Despite further delays to the proposed implementation of a new general sales tax (GST) regime in India, which would eliminate state-enforced cross-border taxes and replace them with a unified, more efficient system, carmakers are responding positively to the transformation of the fragmented automotive supply chain the new system promises in the country.
Plans for the GST bill to be tabled before the closing of the current session of parliament yesterday were once again delayed as state governments requested more time to study it, meaning the new April 2011 deadline might not now be met.
Under the current tax system charges are made on the interstate sale of goods, encouraging companies to hold separate inventories in each state despite the inefficiencies, extra management and warehousing costs this adds to the supply chain. It often means that, after central and state taxes, goods that cross state borders can be subject to up to 30% tax by the time the product reaches the consumer.
“As everyone knows, India is a maze of taxes that vary in form and complexity from state to state,” said Renault India spokesperson Ashish Sinharoy. “A GST regime would be of immense benefit to the manufacturing sector, since it would ease the documentation process and, due to lower levels of multiple taxation, eventually benefit the consumer.”
Renault inaugurated production at its new Alliance plant with Nissan in Chennai in May and, as this is its only plant (not including its recently annulled joint venture with Mahindra) it has to transport cars to every state in the country, with customers in those states having to pay varying prices for the same car depending on the state in which they are bought.
“With the GST environment, the multiplicity of taxes will disappear and customers across states will hopefully be able to enjoying a greater degree of pricing parity for the same cars,” Sinharoy told Automotive Logistics News.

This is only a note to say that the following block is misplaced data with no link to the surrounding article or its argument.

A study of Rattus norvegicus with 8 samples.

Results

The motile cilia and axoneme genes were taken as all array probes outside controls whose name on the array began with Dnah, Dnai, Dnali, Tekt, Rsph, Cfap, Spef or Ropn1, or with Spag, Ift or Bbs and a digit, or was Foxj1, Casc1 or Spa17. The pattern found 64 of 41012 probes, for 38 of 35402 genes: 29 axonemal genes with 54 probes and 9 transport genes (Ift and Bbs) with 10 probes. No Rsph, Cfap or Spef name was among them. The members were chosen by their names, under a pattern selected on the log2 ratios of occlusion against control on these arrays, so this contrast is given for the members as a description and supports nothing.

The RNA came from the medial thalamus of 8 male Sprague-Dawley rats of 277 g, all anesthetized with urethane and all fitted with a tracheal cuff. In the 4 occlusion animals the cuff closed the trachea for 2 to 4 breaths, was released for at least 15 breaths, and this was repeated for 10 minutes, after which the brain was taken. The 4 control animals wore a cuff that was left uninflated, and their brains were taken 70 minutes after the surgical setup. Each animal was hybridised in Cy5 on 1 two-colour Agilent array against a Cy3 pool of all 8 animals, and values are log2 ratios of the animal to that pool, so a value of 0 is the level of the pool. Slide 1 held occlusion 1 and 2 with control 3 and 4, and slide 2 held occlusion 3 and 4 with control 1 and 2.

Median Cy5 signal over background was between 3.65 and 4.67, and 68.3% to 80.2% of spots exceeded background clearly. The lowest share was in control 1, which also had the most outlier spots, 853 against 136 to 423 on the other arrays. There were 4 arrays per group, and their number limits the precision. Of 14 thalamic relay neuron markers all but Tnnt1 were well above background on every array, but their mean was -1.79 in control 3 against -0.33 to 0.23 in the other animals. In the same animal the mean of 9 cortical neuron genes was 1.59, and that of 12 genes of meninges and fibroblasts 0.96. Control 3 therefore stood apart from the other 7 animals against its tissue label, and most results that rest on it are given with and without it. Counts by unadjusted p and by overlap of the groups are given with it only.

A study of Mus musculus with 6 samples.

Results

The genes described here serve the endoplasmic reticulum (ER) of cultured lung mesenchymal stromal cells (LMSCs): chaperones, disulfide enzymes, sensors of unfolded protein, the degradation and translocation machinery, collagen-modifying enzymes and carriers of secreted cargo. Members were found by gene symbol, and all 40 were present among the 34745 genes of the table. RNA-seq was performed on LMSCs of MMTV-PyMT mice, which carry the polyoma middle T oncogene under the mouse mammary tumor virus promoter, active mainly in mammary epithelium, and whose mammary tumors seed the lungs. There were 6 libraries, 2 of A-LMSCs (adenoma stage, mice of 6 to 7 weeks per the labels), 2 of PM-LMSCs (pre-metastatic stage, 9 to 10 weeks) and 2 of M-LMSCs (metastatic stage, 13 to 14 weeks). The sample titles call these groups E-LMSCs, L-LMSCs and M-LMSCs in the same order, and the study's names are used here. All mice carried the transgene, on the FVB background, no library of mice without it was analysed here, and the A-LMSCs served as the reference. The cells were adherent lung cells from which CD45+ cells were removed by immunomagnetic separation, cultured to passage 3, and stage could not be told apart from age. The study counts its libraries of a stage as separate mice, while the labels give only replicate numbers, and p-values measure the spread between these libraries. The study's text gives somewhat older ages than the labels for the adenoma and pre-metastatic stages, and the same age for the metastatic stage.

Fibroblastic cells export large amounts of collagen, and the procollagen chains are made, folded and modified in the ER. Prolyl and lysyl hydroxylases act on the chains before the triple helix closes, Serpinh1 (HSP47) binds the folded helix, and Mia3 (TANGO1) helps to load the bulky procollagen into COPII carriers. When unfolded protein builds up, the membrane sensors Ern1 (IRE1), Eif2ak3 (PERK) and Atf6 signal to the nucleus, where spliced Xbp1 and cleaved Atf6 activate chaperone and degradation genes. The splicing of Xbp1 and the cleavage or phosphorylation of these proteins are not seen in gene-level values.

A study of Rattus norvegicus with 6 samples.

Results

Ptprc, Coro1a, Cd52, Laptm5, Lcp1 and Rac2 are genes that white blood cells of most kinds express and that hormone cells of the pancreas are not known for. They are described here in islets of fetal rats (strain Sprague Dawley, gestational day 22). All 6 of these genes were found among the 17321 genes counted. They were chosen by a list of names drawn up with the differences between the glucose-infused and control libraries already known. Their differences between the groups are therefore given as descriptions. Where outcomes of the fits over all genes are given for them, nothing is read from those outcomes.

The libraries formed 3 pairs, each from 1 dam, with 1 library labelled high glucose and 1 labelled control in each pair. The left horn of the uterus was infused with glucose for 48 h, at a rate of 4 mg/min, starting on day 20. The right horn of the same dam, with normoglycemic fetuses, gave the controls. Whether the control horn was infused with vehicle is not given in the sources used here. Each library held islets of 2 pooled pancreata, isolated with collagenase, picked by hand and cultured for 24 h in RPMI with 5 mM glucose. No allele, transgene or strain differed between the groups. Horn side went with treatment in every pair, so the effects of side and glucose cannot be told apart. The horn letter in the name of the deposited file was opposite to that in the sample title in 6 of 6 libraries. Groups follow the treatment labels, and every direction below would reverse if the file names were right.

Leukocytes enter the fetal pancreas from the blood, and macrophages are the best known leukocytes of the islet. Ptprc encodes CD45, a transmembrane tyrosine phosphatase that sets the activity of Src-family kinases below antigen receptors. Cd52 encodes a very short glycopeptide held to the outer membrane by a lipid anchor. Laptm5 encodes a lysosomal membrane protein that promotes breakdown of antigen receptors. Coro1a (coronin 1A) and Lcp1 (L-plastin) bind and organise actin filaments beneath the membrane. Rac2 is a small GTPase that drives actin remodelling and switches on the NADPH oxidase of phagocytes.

The removal of the cross-border taxes is predicted to allow mega-warehouse and logistics hubs, and lead to the introduction of 20-tonne, 65 cubic metre trailers, all increasing efficiency in the supply chain.
“The new regime will promote giant warehouses in India,” confirmed Adani Logistics spokesman Umesh Bhanot, “and the concept of regional distribution centres for automobiles will take root as a consequence. We at Adani are planning to leverage our land availability at various cargo basins to offer distribution centres to OEMs. These can be used for cars and parts and can also have PDI facilities. We also plan to use railway land under government policy as auto hubs.”
As previously reported, the Indian government has already been pursuing infrastructure projects including the setting up of an $11 billion debt fund to address the country’s poor transport infrastructure, including the building of ports, roads and bridges (read more here).
“When you club these developments with the implementation of an even tax regime across the country, it will make life much easier for industry,” said Sinharoy. “There will be a definite move towards the creation of hub-and-spoke warehousing, and logistics, which will increase efficiency and lower costs for Renault. But [they] will eventually benefit the [end] customer also, as it would give us better leverage in pricing our cars more competitively.”

Despite the delays, Renault remained positive, looking forward to the financial benefits the new system promised both itself and its logistics providers. “Some delays were expected, given the demands and requirements of various states, but the team leading the GST implementation is working its way through the political and regulatory maze, and we expect all major issues to be resolved soon,” said Sinharoy.